NEW ENGLAND JOURNAL OF HIGHER EDUCATION

Former Massachusetts Gov. Jane Swift to Hand Over Reins as LearnLaunch Prez; NACUBO and Nellie Mae Ed Foundation Leaders also Plan to Step Down

 

By John O. Harney

Comings and Goings …

 

 

JANE SWIFT

LearnLaunch Executive Director and President Jane Swift announced she will step away from the day-to-day leadership of the nonprofit educational technology group she has led since 2019 and become its board president and senior advisor.

 

She will be succeeded as executive director by Kate Donaghey, who has served as executive vice president of policy at LearnLaunch and was budget & policy director for Massachusetts Sen. Joan M. Menard, when Menard was assistant majority leader and chair of NEBHE.

 

Swift spent 15 years in Massachusetts state government as a state senator, lieutenant governor and governor from 2001 to 2003. For several years, NEJHE was a media sponsor of major LearnLaunch conferences and featured a 2020 Q&A with Swift about her insights on higher education and technology.

 

The LearnLaunch Board will continue to be chaired by education innovator Michael Horn.

 

 

National Association of College and University Business Officers (NACUBO) President and CEO Susan Whealler announced she will retire at the end of this month to focus on her health.

 

The first female CEO of the national higher ed financial group, Whealler shared insights about higher education alliances and mergers on an expert panel NEBHE convened in 2019 about “The Future of Higher Education and the Economy: Lessons Learned from the Last Recession.”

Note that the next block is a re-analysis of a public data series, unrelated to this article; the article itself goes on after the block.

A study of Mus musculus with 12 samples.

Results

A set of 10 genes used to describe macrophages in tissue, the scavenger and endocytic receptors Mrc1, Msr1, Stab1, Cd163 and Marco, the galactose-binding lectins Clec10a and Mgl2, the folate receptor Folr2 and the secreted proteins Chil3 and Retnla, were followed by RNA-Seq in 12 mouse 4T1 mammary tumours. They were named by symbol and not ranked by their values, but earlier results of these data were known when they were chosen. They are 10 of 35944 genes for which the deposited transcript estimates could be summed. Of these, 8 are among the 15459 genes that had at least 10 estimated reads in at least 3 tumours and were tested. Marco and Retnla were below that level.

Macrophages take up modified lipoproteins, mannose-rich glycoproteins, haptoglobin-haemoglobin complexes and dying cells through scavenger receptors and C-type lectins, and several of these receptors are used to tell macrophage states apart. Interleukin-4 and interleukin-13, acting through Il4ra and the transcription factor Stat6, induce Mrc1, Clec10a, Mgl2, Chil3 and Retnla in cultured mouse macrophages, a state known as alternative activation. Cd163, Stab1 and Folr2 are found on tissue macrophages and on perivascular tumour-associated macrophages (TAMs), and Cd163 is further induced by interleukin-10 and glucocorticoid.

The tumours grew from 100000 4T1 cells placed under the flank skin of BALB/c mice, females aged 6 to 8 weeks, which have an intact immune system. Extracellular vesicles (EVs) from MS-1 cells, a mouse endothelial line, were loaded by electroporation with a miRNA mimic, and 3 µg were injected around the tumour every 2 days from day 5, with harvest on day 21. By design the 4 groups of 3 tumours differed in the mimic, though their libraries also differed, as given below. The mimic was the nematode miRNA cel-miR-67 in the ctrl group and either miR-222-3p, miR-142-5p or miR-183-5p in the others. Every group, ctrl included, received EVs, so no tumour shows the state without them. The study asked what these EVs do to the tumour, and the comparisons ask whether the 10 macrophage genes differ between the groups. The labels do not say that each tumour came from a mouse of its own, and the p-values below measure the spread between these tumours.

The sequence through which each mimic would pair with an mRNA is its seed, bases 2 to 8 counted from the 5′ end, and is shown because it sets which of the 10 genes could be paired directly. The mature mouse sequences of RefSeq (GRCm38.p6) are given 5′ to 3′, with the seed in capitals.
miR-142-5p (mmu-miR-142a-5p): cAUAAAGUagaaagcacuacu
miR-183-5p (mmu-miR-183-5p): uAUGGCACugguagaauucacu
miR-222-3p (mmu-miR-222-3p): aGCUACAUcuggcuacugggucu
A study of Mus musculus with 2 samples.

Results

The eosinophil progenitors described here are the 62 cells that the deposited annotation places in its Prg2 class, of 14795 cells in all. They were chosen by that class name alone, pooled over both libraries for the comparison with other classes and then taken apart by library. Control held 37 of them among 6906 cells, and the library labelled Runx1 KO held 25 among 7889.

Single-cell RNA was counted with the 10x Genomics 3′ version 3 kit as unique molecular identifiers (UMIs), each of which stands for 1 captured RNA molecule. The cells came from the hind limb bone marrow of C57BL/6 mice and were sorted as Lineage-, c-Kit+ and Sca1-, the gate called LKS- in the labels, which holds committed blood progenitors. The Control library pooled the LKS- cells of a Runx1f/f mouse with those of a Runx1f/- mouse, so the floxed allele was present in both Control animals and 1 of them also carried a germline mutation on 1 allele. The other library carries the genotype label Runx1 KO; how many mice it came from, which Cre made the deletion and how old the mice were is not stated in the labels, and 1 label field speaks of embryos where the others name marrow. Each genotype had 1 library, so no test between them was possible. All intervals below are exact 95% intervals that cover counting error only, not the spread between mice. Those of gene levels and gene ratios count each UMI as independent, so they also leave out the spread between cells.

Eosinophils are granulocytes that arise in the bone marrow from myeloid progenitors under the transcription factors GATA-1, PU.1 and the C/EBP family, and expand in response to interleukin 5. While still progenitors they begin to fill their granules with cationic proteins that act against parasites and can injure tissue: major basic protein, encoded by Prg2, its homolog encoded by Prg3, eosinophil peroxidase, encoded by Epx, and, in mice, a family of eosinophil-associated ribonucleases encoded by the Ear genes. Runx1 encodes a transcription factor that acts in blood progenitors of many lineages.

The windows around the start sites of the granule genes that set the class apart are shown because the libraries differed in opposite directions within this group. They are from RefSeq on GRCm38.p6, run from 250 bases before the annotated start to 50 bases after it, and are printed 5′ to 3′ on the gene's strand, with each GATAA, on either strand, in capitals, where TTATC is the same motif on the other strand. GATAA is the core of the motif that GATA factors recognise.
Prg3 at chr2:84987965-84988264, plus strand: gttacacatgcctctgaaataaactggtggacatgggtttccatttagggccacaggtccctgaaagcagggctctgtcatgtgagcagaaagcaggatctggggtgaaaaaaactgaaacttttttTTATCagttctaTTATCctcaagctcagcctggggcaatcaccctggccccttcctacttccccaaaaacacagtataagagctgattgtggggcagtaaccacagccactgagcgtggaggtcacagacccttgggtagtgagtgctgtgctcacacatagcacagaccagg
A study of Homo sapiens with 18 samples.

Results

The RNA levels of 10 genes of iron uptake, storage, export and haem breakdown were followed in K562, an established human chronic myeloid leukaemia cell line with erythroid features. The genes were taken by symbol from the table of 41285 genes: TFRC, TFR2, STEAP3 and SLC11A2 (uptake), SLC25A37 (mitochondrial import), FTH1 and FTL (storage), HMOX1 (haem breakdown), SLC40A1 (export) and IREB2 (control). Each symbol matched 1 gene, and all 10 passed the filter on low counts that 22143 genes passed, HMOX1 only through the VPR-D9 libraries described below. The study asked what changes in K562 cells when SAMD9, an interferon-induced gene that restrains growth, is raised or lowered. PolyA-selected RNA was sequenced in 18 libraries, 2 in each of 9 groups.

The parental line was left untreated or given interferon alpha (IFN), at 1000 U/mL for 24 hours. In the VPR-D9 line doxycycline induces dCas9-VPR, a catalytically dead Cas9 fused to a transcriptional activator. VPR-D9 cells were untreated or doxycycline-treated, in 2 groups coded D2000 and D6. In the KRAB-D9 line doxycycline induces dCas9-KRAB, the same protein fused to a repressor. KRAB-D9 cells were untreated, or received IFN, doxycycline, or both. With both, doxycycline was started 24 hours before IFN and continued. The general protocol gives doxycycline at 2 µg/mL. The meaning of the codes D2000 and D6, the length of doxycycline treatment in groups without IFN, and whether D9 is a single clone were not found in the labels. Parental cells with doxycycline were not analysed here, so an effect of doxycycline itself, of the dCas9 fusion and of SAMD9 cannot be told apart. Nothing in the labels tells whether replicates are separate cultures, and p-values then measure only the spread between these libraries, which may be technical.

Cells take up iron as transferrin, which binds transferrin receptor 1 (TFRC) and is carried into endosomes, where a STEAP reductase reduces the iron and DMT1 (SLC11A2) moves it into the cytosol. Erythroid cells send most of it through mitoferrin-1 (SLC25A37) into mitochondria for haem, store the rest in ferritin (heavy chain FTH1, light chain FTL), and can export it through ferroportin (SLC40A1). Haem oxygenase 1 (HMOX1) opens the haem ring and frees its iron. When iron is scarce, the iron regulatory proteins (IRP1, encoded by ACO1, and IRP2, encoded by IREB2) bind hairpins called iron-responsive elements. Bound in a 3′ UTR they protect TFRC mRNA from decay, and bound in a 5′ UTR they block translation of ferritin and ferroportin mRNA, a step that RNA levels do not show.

GISLAINE N. NGOUNOU

Nellie Mae Education Foundation Interim President and CEO Gislaine N. Ngounou said she will leave the foundation in December.

 

Among other things, she implemented the foundation’s new strategy focused on advancing racial equity in public education and secured investment, aimed at addressing anti-Black racism and Covid-19 relief efforts.

 

Before joining the foundation, Ngounou was the chief program officer for Virginia-based Phi Delta Kappa International, a professional organization for educators. She also previously worked for Hartford Public Schools.

 

 

Brian Norman, the inaugural dean of the Gwen Ifill College of Media, Arts and Humanities at Simmons University, was named vice president for academic affairs at Antioch College in Yellow Springs, Ohio. A visiting practitioner at the Harvard University Graduate School of Education, Norman has taught and published on African American and 20th century literature.

 

 

Jeannine Diddle Uzzi, recently provost and executive vice president for academic affairs at the University of Southern Maine, was named the first institutional vice president of academic affairs at Adler University, where she will oversee the Adler’s Chicago, Vancouver and online campuses.

 

 

Sacred Heart University named Maurice Nelson as its new chief diversity & inclusion officer. Nelson is the former director of diversity, equity and inclusion at the Yale School of Nursing.

 

 

Bates College appointed Tracey A. Reeves, a former Washington Post reporter and current associate vice president for research and academic communications at Georgia Institute of Technology, to be vice president for communications and marketing at the private Maine college, effective Sept. 12.

 

 

Diana Szynal began as president of the Springfield Regional Chamber in Massachusetts, after serving as executive director of the Franklin County Chamber of Commerce and a municipal specialist for the Hampshire Council of Governments.